While Americans are worried and distracted by the COVID-19 pandemic, criminals are stepping up their cyberattacks on individuals and businesses, according to the Federal Bureau of Investigation’s April 6 advisory.
Late last month, LIMRA surveyed financial services firms to determine whether they have detected increased levels of criminal activity. The study finds 4 in 10 companies report an uptick in malicious emails and account takeover attempts over the past 30 days.
The good news is 9 in 10 companies anticipated increased fraudulent activity as a result of the crisis and have taken steps to educate their call center and back-office employees on potential red flags. Seven in 10 companies have engaged their advisors and field staff about what to look for to identify potential scams and criminal activity.
Current circumstances, however, have introduced new risks for financial services companies. Two-thirds of companies believe the shift to remote working and other changes have increased their exposure to fraudulent activity.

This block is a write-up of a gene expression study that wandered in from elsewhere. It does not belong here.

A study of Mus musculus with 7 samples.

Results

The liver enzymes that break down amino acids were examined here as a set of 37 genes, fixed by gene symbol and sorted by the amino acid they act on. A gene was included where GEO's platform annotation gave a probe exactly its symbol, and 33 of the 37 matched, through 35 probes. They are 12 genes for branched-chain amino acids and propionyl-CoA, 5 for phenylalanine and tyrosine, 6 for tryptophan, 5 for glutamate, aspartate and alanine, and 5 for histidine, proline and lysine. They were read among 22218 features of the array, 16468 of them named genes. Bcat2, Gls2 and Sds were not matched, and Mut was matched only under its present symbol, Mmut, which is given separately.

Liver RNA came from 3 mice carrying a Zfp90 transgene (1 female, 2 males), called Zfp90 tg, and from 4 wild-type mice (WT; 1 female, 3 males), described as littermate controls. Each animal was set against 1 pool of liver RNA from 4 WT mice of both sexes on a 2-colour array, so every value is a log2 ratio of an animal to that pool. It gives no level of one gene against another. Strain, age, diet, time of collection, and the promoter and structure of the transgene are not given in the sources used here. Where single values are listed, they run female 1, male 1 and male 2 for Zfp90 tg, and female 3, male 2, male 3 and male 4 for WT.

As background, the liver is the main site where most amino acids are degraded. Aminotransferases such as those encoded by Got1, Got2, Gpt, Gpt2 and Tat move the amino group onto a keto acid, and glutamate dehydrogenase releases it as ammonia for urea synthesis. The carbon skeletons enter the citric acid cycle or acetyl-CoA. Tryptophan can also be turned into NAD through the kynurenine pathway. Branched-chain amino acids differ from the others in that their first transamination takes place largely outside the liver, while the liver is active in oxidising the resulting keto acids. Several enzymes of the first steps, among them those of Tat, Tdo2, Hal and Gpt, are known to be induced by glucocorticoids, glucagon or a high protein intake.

Many companies have taken steps to make it easier for their customers to manage their financial matters during this unprecedented time. Almost half of the companies have relaxed controls or procedures to help expedite the processing of certain fi¬nancial transactions to help their customers who may be negatively affected by the economic fallout from pandemic.
Three in 10 have modi¬fied controls or procedures to take certain transactional requests over the phone, which was not an option previously. While these measures are designed to ease their customers’ stress, they do open up more risk of fraud to the firms.
Account takeover and other fraudulent activity in life insurance, annuity and retirement plan accounts have been on the rise over the last several years. LL Global, the parent company for LIMRA, LOMA and Secure Retirement Institute, launched FraudShare six months ago to help companies better detect and prevent account takeover attacks.
This industry-standard platform provides participating companies:
• Incident and threat indicator data, which allows them to detect and prevent increasingly sophisticated account takeover attacks;
• Industry-level reporting on account takeover attacks to enable them to compare their own account takeover activity with broader industry trends; and
• Access to a community of risk management professionals who share their experience and best practices for defending their companies against fraudulent activity.
In the six months since its inception, 29 companies have joined FraudShare, representing 61% of in-force life insurance premium, 40% of deferred annuity assets, and 20% of defined contribution plan assets. More than 30 additional companies are in various stages of reviewing the platform or onboarding.